Singaporeans share stories about their personal heroes in Straits Times contest

Mr Yap Tat Ming (left), 48, won a pair of tickets to the National Day Parade on Aug 9 after nominating his mentor and friend Mr Richard Lim as his Singapore hero.
Mr Yap Tat Ming (left), 48, won a pair of tickets to the National Day Parade on Aug 9 after nominating his mentor and friend Mr Richard Lim as his Singapore hero.PHOTO: YAP TAT MING

SINGAPORE - A hero is one who extends a helping hand not just to his own family, but also to the strangers around him.

Mr Sim Kwang Seng, 58, was moved when he saw a cleaner at a food centre give away hard-earned money to a disabled beggar and a handicapped busker.

So when he saw The Straits Times' call for entries to a competition prompting readers to write in with a story on their Singapore hero, he decided to share his story of the cleaner.

"I have never really spoken to him, but I often see him at the food centre. From the few instances that I've seen, he's so kind-hearted, I'm sure he has done a lot more," said Mr Sim who calls the cleaner "uncle", as he does not know his name.

Mr Sim was among the 25 winners who each won a pair of tickets to the National Day Parade (NDP) on Thursday (Aug 9).

"When you talk about heroes, you think of the high-calibre people," said Mr Sim, a retiree.

"This uncle must be over 60, and he can't walk steadily. But witnessing his kindness to others, it was quite amazing.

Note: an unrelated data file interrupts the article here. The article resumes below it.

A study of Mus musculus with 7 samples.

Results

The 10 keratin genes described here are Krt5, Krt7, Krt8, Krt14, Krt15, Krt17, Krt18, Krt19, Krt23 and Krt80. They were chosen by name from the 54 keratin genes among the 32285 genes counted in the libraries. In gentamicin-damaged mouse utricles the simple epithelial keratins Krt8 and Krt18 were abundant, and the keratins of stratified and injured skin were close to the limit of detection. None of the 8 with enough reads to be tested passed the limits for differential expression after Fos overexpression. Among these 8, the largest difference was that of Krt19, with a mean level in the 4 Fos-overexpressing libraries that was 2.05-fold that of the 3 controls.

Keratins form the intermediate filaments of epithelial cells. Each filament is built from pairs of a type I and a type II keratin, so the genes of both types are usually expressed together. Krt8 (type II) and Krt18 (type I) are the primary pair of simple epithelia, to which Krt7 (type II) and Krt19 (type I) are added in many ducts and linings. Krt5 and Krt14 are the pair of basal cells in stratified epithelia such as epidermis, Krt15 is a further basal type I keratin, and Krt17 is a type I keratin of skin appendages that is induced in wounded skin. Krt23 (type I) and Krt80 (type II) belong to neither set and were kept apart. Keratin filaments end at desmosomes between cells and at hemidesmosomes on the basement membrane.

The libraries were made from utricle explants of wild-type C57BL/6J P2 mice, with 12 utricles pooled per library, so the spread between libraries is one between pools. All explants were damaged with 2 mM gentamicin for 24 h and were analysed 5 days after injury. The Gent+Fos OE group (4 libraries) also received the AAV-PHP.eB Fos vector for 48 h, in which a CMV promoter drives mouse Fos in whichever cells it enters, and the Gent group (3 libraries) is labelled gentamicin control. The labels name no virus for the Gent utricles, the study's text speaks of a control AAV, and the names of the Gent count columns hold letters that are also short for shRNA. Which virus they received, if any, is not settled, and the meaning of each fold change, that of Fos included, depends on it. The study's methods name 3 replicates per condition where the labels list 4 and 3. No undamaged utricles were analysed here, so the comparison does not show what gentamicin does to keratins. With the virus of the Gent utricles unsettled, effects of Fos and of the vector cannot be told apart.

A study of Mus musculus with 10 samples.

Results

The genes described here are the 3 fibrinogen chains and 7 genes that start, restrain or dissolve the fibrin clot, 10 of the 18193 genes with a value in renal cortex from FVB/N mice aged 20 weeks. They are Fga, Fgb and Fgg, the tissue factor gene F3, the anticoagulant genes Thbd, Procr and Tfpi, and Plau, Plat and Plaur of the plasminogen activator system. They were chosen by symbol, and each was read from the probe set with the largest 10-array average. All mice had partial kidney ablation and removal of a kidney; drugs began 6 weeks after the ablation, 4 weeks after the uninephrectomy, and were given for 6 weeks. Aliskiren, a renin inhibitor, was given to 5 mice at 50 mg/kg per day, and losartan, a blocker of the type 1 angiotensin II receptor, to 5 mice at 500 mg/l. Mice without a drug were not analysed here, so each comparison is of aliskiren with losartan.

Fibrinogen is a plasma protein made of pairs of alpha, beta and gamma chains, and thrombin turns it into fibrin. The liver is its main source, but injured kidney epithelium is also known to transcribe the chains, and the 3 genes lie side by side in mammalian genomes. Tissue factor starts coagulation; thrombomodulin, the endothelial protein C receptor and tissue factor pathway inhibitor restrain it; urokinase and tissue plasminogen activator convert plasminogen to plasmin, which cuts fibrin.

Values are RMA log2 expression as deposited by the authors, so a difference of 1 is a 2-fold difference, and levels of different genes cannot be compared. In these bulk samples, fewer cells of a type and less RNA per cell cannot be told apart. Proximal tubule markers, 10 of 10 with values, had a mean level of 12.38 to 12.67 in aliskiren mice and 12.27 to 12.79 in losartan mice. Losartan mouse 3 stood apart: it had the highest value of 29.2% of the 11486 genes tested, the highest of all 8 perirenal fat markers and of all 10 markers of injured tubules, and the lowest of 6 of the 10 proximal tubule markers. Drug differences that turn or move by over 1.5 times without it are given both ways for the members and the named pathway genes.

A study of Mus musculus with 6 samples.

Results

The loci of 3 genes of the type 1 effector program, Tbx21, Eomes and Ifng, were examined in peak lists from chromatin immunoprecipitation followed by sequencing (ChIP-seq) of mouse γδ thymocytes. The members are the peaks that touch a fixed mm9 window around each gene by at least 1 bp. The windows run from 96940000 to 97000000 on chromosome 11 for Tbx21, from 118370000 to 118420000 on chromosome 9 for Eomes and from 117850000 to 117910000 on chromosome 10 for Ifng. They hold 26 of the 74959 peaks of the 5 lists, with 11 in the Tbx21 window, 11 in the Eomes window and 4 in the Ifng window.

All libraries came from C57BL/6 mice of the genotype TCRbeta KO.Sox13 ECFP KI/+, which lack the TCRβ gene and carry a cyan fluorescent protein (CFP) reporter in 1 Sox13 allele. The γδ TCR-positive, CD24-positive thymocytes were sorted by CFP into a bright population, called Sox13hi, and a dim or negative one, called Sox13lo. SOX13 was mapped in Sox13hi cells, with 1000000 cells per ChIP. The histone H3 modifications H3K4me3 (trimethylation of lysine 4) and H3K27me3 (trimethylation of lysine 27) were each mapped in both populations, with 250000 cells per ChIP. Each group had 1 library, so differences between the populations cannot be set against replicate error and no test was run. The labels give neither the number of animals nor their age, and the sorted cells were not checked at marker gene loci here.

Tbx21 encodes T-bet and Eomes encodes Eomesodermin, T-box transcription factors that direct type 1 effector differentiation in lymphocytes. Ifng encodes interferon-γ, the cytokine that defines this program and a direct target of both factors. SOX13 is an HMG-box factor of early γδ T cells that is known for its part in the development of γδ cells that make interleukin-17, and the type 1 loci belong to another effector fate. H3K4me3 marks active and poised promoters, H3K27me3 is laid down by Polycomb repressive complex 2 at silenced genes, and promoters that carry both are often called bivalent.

"It can be easy to be kind to family, but to extend that kindness to a total stranger, that's very different."

Mr Yap Tat Ming, 48, who works in a bank, also won a pair of tickets.

He had written about his mentor and friend Mr Richard Lim, who is in his 60s. The latter was a former drug addict who set up a shelter in Myanmar's northern Shan state that provides food, accommodation and education for orphans and underprivileged children.

Mr Yap said: "A true hero is any ordinary man who has the courage to shed his past and conquer the impossible.

"It hasn't been easy to sustain the shelter and any ordinary Singaporean wouldn't do that."

Mr Yap also helps Mr Lim and handles the fund-raising activities for the orphanage.

"I haven't told him that I wrote in and said he's my hero. But I think he will be happy to hear the good news," said Mr Yap.

Mr Yap intends to take his wife to the NDP. He said Mr Lim suffered a stroke about four years ago and has difficulties moving around, so he might not be able to attend the parade.

"One thing he taught me is that you never really live until you truly give," Mr Yap added.

Fellow winner, Mr Kiong Choon Meng, 62, who sells coffee beans at a market in Clementi, nominated founding Prime Minister Lee Kuan Yew as his hero, as under his care, the elderly saw progress in their lives.

He intends to give his tickets to an elderly couple from the nursing home where he volunteers.

"I'll bring them to the NDP and wait outside for them," said Mr Kiong in Mandarin. "I gave them a call earlier to tell them the good news, and they were very excited."